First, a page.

Sukkot – Feast of Tabernacles
This autumn holiday falls on 15-21 of the month Tishri in the Hebrew calendar. In the Gregorian calendar the dates vary from late September to late October.
Sukkot lasts for seven days and culminates in Hoshana Rabbah (Great Supplication), the last day of the holiday. It is followed by the holidays of Shemini Atzeret (the Eighth Day of Assembly) and Simchat Torah (Rejoicing of the Torah).
Sukkot belongs to the Shalosh Regalim (Three Pilgrimage Festivals), a group of major holidays which in ancient times were accompanied by pilgrimage to the Jerusalem Temple. The main name of the holiday – Sukkot (Tents, Tabernacles) commemorates the forty-year period of the Jews’ wandering in the desert after their Exodus from Egypt, during which time they lived in tents. Another agricultural name of the festival is Hag ha-asif (Feast of the Ingathering) because it coincides with the fall harvest in Israel. In the liturgy, the holiday is known as Zman Simchateynu (the Season of Our Rejoicing), which underlines the merry mood and customs associated with Sukkot.
Sukkot observances include building of tents or huts in which Jews are to dwell during the seven days of the holiday. According to tradition, the tent should be a temporary home, a prescription which can be fulfilled by at least consuming one’s meals inside it. In Israel and other countries with a warm climate many people not only spend time inside the tents in the daytime, but also sleep in them. In countries such as Poland where it tends to be cold and rainy during Sukkot, Jews are released from having to remain in the tent if the weather makes it impossible to consume a meal inside it.
A sukkah, or holiday tent, has to have at least three stable walls made out of any material. The roof may be built from plants only, for example olive tree branches or bamboo, etc. The sukkah should stand beneath an open sky and the roof should have sufficient gaps to allow those inside to see the stars at night. The interior should be richly decorated with paintings, fruit, flowers, fruit tree boughs, and sometimes even carpets.
On all the days of the holiday hakafot (Processions) take place and the ritual of waving the four species, containing a leaf from a date palm tree (lulav), two branches from a willow tree (aravot) and three boughs from a myrtle tree (hadassim) is practiced. An Etrog, a citrus fruit similar to a lemon, is also included in this bundle. Holding all the arba minim (four species) in both hands, one waves them in six directions, which gesture symbolizes the omnipresence of God.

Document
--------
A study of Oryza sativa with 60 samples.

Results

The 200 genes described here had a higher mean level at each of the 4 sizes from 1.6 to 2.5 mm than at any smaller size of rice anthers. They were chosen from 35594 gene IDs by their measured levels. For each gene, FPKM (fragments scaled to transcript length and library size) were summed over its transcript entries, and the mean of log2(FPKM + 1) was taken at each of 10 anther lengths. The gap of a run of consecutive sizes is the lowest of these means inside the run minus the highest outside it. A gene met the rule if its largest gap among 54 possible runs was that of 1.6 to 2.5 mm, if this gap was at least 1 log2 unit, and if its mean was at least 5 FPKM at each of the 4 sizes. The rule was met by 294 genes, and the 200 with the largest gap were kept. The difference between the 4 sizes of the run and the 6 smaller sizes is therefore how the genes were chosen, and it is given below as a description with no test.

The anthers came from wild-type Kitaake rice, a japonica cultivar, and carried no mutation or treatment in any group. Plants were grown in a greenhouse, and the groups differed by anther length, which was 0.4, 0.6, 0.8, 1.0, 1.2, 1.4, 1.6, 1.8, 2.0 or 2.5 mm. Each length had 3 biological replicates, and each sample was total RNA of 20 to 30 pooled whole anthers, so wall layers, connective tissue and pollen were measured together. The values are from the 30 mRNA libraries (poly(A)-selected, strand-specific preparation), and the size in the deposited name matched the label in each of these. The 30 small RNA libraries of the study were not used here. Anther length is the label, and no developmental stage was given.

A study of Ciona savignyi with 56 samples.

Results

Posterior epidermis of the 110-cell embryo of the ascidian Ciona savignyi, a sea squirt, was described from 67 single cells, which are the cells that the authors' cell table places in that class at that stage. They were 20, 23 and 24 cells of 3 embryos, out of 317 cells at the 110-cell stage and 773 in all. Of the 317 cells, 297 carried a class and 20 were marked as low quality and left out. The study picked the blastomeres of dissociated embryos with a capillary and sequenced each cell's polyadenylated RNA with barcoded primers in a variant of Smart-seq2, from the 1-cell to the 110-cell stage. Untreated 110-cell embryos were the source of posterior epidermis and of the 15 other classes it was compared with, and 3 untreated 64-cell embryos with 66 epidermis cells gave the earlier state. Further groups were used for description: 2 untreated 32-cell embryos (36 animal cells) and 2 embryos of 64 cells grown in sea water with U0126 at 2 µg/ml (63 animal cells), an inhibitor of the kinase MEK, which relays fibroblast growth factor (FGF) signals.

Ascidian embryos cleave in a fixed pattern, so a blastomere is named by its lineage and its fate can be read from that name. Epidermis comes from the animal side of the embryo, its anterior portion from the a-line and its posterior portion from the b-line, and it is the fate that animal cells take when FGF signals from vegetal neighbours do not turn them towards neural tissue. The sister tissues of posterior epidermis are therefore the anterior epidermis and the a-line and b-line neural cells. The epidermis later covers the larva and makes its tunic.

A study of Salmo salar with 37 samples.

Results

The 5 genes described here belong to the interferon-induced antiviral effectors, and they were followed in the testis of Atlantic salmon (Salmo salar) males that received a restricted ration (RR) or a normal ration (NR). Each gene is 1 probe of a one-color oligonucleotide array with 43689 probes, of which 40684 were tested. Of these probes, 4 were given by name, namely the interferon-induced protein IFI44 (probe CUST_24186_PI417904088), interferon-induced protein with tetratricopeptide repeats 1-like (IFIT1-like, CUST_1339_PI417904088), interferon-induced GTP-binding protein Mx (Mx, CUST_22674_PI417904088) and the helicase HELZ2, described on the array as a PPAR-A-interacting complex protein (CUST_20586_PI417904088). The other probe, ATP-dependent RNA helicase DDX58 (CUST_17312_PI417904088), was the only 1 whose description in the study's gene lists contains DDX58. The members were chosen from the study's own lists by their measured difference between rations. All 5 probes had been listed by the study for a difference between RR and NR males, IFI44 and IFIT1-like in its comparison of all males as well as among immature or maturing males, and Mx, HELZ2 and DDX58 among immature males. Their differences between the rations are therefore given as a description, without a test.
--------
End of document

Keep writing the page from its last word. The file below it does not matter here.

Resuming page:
Sukkot are usually built in courtyards, gardens or on balconies. Special roofs are sometimes constructed for them which can be opened – in this way the attic of a house, for instance, can serve as a sukkah. In the past, these huts were a common element of the fall landscape of Polish towns and country. In keeping with tradition, Sukkot is still celebrated with pomp in modern-day Poland. And although tents or huts are seldom put up next to one’s home or apartment block, large sukkot, in which the whole community gathers for feasting and celebrations, are regularly built next to synagogues.
It is very important to practice hospitality during Sukkot. A reminder of this is the invitation of all the great Biblical figures, referred to as ushpizin and ushpizot (Guests), into one’s sukkah at the beginning of each day of the festival. Both friends as well as those who are in need, have no family or home are invited to take part meals in the sukkah. It is very important to celebrate Sukkot with as much joy as possible. Together with one’s guests one should eat, drink and rejoice in all the gifts of the Lord. Sweet, juicy and stuffed dishes are traditionally served during this time, including pierogi, stuffed cabbage leaves, stuffed fish and all sorts of pastries, cakes and sweets.